The first hour-long series named for its female character, Honey West was based on Skip and Gloria Fickling’s pulp-novel series about a woman who took over her late father’s detective business. Mixing clichés from private-eye and international espionage stories, then flipping the gender, Honey was a Bond babe — Jane Bond — put in charge of the franchise, and comfortable with the power it gave her. She bested bad men with her karate skills, navigated hairpin turns on high-speed chases in her top-down sports car and, just as important, displayed the business-running executive skills only men of the era were supposed to possess. Honey had a hunky male assistant, Sam Bolt (John Ericson), but he was there mainly as eye candy for the women in the audience. The men had Francis’ efficient allure, her newly fluffy blond hair and, of course, her facial mole, which was featured so prominently in the opening-credit sequence you’d think it was the co-star.
Aaron Spelling, the show’s executive producer, was no militant feminist; 11 years later he would multiply Honey by three, give this trio the sort of patriarchal boss Honey never needed, and call it Charlie’s Angels. As the overseer of Honey West, Spelling made sure sensuality took precedence over suspense. A smarty-pants sex object, Honey wore earrings she could toss like darts to emit tear gas. She often sported tights that looked as if they’d been borrowed from Diana Rigg in The Avengers. Once she went undercover in a showgirl outfit with tiger stripes, which was appropriate for this feral beauty, since her character also kept a pet ocelot named Bruce (a cousin to Francis’s tiger playmate in Forbidden Planet and to the leopard she morphed into on (The Twilight Zone). All this animal attraction should have kept the show running for years, but it was canceled after one 30-episode season.
Truth to tell, that was about it for the iconic phase of Anne Francis’s celebrity. She was 35 when Honey West went south, and the actress who entered show business as a child would keep working for another 35 years. In the 1968 musical Funny Girl she was billed a generous fourth but virtually invisible, except when Barbra Streisand disses her at the start of the first act’s climactic (and climatic) number “Don’t Rain on My Parade.” Thereafter, Francis had no big roles in big movies, instead becoming one of those aging performers of medium wattage who stay employed by joining the perennial bus-and-truck company of TV series guest stars. Webb, as her stuffy father in Dreamboat, had sneered at television as a phenomenon that “encourages people who dwell under the same roof to ignore each other completely.” But for Francis it was a meal ticket that she cashed in for 60 years, from those early color tests in 1940 until her retirement in 2000.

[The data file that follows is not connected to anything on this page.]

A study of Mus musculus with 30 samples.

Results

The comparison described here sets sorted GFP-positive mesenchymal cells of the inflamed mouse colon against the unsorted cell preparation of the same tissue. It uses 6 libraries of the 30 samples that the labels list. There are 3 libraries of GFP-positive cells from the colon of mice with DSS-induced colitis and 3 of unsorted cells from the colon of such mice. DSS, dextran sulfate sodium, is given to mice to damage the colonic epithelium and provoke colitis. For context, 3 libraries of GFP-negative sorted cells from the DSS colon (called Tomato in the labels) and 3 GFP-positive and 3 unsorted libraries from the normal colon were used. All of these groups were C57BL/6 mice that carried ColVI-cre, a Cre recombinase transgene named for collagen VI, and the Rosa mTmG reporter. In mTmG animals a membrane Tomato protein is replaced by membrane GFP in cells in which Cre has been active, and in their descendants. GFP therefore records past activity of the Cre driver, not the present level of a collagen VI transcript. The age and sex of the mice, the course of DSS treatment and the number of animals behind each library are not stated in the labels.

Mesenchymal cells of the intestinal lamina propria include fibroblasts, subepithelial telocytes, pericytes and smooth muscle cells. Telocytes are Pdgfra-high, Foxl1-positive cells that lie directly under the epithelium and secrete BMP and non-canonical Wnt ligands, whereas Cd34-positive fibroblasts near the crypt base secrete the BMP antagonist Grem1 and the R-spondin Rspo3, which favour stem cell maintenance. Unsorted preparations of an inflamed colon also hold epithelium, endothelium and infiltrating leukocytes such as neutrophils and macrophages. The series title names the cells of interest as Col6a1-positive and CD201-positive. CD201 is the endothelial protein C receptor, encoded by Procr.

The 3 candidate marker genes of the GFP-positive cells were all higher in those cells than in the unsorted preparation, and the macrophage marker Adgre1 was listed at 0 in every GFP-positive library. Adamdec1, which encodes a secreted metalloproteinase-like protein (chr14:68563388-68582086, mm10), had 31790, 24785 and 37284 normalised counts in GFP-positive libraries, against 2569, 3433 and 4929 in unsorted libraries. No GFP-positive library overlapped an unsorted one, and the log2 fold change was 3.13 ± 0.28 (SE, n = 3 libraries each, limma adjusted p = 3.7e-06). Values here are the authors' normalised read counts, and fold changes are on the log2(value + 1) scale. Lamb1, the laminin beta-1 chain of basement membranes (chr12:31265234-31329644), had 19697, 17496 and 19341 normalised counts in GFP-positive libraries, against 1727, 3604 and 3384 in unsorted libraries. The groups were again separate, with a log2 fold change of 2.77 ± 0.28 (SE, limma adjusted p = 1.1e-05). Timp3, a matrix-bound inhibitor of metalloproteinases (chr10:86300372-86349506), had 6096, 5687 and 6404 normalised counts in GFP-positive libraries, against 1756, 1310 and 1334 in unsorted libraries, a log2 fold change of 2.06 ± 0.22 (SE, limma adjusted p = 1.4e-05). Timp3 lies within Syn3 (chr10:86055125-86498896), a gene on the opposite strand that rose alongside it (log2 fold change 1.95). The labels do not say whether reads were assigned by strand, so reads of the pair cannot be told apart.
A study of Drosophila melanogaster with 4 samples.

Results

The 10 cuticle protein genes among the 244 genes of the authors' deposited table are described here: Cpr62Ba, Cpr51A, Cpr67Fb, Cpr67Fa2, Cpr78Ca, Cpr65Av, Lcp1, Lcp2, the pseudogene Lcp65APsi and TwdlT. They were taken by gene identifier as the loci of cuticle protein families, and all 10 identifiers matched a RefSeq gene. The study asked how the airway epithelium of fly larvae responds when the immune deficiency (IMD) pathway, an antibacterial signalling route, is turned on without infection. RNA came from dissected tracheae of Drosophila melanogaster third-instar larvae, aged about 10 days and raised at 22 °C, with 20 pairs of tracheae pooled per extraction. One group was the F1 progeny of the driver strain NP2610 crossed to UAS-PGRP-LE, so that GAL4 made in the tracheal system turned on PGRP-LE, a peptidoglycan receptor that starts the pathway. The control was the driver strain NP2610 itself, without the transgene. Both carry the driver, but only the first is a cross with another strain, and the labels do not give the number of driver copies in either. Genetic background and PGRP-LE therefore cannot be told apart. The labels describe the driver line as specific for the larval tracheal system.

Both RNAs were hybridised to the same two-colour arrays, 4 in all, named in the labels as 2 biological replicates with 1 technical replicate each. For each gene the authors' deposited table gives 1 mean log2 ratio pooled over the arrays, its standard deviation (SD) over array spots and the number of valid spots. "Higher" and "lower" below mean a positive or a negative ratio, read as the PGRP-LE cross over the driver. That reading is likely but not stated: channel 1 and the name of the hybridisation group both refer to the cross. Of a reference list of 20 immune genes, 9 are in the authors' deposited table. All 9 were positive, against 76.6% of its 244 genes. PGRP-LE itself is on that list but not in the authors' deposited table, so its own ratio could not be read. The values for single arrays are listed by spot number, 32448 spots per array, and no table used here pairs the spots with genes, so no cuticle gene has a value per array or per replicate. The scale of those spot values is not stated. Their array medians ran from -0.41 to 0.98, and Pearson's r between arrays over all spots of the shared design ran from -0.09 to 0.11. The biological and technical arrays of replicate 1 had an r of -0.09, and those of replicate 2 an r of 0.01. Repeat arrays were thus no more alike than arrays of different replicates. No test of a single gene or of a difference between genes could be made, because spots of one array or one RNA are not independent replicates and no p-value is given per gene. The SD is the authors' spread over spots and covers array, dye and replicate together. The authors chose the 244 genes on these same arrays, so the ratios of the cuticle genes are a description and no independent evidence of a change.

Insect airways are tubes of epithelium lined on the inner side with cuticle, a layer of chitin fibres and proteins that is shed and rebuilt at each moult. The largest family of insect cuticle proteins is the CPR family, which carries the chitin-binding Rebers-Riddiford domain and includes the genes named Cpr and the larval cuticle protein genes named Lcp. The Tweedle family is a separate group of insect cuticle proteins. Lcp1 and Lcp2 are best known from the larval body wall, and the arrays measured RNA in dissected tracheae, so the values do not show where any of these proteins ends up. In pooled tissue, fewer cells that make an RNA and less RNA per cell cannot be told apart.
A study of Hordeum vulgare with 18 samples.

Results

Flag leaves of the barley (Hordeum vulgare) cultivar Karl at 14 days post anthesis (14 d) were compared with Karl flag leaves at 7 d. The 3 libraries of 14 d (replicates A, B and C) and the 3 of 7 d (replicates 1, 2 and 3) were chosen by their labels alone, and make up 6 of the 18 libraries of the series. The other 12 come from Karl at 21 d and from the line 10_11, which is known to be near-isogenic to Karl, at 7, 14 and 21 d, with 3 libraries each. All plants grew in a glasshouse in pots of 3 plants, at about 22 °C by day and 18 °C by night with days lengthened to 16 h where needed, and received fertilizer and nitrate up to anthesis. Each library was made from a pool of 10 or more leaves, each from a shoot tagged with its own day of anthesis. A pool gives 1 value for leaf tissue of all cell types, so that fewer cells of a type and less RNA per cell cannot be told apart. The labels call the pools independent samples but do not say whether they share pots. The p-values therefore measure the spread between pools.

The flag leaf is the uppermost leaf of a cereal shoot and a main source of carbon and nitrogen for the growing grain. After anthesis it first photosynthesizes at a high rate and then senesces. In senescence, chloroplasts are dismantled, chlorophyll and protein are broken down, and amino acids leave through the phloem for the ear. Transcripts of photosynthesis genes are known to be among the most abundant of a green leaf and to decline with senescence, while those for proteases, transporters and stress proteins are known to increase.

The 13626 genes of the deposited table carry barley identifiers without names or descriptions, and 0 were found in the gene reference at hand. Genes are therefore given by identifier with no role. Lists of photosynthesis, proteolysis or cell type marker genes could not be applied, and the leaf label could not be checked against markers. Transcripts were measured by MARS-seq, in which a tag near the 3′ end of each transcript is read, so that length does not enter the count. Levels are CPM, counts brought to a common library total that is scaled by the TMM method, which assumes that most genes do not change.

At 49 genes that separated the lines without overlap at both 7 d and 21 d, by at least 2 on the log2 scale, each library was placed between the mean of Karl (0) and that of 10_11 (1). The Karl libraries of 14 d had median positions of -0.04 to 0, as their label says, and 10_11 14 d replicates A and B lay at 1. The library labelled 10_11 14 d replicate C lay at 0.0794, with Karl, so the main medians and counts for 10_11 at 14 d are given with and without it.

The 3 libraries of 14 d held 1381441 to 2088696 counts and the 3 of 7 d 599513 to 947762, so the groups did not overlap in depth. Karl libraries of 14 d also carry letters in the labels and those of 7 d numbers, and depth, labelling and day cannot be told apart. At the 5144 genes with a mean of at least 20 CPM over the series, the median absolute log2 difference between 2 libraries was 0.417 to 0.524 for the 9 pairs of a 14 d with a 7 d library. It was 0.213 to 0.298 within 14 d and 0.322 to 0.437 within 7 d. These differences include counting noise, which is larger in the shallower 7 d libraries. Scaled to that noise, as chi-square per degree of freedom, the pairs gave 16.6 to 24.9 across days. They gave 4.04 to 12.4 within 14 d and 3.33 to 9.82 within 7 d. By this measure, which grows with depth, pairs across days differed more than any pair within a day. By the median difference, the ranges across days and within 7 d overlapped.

In her post-Honey decades, Francis guested on a few comedy series — The Drew Carey Show and, as Bea Arthur’s college roommate, on The Golden Girls — but concentrated on the hour-long dramas. She graced The Fugitive, Mission: Impossible, Gunsmoke, Columbo, Kung Fu, Barnaby Jones, Police Woman, Dallas (in a recurring role), Jake and the Fat Man, Murder, She Wrote and such Spelling confections as S.W.A.T., The Love Boat, Vega$, Fantasy Island (four times) and, it’s only fair, Charlie’s Angels. All in all, in the second half of her career, she racked up credits in more than 100 films and TV shows. Could that be a record for most series as a guest star? Hard to say, but the gal kept gamely at her craft.
She married twice, both times for three years: at 21 to director Bamlett Price, Jr., and at 29 to Dr. Robert Abeloff; they had a daughter, Jane. After the dissolution of her second marriage in 1964, Francis was on her own. In 1970, she became the first single woman in California to be allowed to adopt a child — a girl named Maggie. Francis wrote a self-help book in 1982 and lent her support to many charities, including Direct Relief, which sends medical supplies to victims of civil unrest, and Angel View, for the physically challenged. She promoted these causes on annefrancis.net, which currently carries this message from 2009: “Dear Friends, Due to health issues, I’m unable to process my fan mail in a timely manner…. For those of you who’ve previously sent me fan mail and autograph requests, I’ll try to process them when I am able to do so.”
Even though she had retired 10 years earlier, survived lung cancer in 2004, and was ailing from the pancreatic cancer that finally felled her, the brainy, beautiful blond from the Forbidden Planet never stopped working, never ceased doing what she did best: being Anne Francis.